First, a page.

Friday, September 19, 2014

La La La—Flashback to Bolivia

The time I spent in Bolivia was often fantastic. Just the other day I saw the most astonishing video and it took me right back into the surreal adventure of the times I spent there. The video—for the song “La La La” by Naughty Boy—has been out a year, but this is the first I heard of it. Just let me say it’s amazing.




For me, this video captures what is most wonderful about Bolivia: its landscapes, culture, and people. These are the scenes I remember. These are the people. Those are the mountains, buildings, and sounds. I walked those streets in La Paz, I stood on those corners, and they still look the same except for the cars being more modern. I see the salt flats at Uyuni. Walk the railroad graveyard. Gaze upon the city of Potosi and its fabled mountain Cerro Rico. Enter the mines to meet El Tío, as close as I’ll ever get to a primal god.

Bits and pieces of Bolivia appear in my writing all the time. The city scenes in Thick as Thieves owe a lot to the streets and alleys of La Paz, for example, though reimagined as more medieval and European. More directly, though, Bolivia appears in several of my shorter stories. If you’ve read “Moon Blood and Salt Flowers” (free here on my blog), you’ll know now where I came by the lonely expanses of the Altiplano and haunted Cerro Rico, the symmetrical mountain that rises above the once gilded city of Potosi—and also the deep scary mines where Amaya and Fernando fight for their lives. Another story “The Seventh Sacrifice” takes place in La Paz, on those very streets and with people much like those you see in the video.

This video is fascinating, too, because I can pull so much meaning from it. While in Bolivia I learned a lot about the culture and its stories (my mother in law was a trove of them). One of those folk legends, about a deaf boy who runs away from home, is reimagined through this video—which bears a curious resemblance to The Wizard of Oz in some parts. There's a popular version of the legend circulating on the internet and it’s pretty close. I heard it slightly differently, that the boy ran away from home saying he was going to help people and he does just that, leading up to taking on the powerful El Tío because he was the only one (being deaf) who would not succumb to the lord of the underworld's power.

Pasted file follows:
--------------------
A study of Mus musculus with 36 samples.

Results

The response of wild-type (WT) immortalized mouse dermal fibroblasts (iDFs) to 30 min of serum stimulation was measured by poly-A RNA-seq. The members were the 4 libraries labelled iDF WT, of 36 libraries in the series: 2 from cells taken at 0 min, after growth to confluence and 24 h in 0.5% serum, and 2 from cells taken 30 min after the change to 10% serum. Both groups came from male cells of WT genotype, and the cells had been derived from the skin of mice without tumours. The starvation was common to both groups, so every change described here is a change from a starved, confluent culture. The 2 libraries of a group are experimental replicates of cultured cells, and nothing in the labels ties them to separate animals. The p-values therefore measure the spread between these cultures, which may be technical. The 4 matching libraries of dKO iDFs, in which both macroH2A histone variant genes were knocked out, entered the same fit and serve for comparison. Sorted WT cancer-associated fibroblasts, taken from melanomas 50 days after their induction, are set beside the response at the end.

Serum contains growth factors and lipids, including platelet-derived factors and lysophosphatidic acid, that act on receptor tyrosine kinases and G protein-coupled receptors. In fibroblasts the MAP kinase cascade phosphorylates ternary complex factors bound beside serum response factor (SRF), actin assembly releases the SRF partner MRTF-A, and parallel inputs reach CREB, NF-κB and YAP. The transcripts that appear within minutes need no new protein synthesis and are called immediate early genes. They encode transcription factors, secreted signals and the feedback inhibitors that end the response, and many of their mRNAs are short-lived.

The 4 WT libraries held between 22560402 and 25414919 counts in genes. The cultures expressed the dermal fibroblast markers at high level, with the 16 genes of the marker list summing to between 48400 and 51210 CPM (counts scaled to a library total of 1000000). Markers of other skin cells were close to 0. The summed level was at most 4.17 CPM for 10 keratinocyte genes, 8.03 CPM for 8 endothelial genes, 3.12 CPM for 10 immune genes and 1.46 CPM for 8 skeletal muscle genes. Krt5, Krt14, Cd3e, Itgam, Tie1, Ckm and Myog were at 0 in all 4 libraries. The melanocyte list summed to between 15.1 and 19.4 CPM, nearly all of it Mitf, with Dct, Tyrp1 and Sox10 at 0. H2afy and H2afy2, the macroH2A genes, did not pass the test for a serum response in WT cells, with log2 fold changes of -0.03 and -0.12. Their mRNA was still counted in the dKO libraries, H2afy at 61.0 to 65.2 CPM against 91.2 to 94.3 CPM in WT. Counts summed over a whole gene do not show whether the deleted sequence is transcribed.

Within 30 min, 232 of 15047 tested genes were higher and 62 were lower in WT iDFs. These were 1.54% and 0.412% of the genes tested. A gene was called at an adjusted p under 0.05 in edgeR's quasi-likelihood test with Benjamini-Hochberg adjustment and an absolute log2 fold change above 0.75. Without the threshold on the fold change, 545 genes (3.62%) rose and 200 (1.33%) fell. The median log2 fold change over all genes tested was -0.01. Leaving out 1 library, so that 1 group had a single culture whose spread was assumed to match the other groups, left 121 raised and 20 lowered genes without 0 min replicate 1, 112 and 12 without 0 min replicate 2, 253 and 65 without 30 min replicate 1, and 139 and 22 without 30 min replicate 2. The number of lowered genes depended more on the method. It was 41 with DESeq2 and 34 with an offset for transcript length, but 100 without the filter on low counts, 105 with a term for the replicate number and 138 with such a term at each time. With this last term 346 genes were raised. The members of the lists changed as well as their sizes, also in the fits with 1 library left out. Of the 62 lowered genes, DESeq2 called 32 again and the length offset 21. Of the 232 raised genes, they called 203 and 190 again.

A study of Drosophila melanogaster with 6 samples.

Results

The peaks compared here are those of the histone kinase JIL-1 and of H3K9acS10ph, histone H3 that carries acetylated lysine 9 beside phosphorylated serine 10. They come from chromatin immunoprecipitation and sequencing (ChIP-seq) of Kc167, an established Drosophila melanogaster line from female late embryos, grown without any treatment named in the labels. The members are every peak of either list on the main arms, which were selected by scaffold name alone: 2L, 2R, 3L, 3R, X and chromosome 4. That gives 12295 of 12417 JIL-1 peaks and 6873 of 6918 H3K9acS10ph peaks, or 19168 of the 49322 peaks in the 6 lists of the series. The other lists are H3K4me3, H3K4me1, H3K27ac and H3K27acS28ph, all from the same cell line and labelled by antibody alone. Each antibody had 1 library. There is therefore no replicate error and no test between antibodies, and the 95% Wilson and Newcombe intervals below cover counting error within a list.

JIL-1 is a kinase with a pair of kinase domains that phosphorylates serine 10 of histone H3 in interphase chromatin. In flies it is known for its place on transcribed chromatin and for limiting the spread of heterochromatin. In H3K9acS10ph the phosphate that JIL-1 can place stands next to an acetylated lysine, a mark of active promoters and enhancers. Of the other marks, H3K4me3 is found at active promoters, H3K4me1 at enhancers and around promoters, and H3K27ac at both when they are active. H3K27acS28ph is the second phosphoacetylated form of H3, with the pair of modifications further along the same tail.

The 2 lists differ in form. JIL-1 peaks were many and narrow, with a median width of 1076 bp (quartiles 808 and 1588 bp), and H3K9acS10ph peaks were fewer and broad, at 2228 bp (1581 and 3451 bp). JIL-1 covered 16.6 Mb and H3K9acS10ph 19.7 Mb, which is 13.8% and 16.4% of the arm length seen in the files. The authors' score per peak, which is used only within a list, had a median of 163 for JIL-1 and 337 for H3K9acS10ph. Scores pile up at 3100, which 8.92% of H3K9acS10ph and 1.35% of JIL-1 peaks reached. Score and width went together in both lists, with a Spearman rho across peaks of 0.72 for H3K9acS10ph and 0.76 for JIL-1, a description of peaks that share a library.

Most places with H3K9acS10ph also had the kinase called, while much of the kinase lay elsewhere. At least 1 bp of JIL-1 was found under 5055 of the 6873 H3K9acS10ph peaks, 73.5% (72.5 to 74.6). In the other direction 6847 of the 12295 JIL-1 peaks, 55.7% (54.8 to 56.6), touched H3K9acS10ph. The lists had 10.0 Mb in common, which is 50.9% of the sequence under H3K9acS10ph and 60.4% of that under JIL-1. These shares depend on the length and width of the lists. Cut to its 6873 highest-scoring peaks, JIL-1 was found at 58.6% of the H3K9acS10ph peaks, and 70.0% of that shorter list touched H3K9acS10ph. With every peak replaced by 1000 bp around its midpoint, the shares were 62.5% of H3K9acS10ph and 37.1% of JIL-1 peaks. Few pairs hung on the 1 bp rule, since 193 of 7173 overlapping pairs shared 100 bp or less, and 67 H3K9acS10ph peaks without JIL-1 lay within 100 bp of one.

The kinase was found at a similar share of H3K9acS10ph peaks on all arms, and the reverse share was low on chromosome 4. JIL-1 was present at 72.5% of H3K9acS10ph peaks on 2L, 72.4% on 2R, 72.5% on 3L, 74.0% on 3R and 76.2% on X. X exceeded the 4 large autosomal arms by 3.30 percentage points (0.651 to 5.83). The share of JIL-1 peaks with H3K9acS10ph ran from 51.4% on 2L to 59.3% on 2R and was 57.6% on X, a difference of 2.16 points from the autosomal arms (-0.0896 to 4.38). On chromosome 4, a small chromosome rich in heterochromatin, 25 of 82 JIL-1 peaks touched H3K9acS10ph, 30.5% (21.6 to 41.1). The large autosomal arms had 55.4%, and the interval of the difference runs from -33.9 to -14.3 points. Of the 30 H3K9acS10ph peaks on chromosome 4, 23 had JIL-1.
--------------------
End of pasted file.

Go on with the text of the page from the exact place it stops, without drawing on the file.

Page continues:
That demonic figure at the end, El Tío, is very real to the Aymara people of the Altiplano. After being conquered by the Spanish, they blended the Catholic devil with their own god Supay, lord of the underworld and a very important dude. If offended, he could hide mineral deposits and make tunnels collapse, so keeping him happy is something miners take seriously. Statues of El Tío (bearing strong Christian influence, which is why he looks like the Christian idea of the devil and not his original version) pepper the mines of Potosi and to this day people bring him offerings of coca leaves, trinkets and jewelry, and mark the entrance to the mines with llama’s blood.

Keep in mind, too, that Potosi is a haunted place. Millions of indigenous people died mining Cerro Rico of silver for Spain. More died in the centuries since. Their ghosts remain. You can feel them everywhere. That mountain is filled with death.

There are other things, too. The "tin man" he meets in the gym looks like the Ekeko (iqiqu) figure my mother-in-law kept in her kitchen, except instead of looking prosperous he looks sad and downtrodden. Symbolism much? The figure of the scarecrow is dressed as a regional folk spirit known as a kusillo (or k’usillo) a kind of rustic buffoon. He appears in certain dances and at festivals, where he serves as a comic figure who may cause playful mischief but ultimately does no harm. And it’s notable that the boy’s benefactors—including his destination—are all native. The first person he meets when running away is a yatiri, an Aymara shaman, in traditional garb, who gives him the dog of the legend. Wearing traditional headwear, the boy leaves the city (the modern, non-Aymara world) for the symbolic world of the Aymara, populated by myths and symbols (and, again, that mountain). In so many ways, his is a creative journey, an abused boy’s flight toward meaning.

Anyway, I wanted to share this video because it has so much beauty and serves as a wonderful introduction to a rich culture and beautiful people too far, far away for most of my readers to ever visit for themselves. Yet I wish I could share them with you. This video is the best vehicle I have yet found for doing that. I hope you enjoy it. And if you do, there is a “Making of” video that shows and says just a little bit more. It too is well worth watching.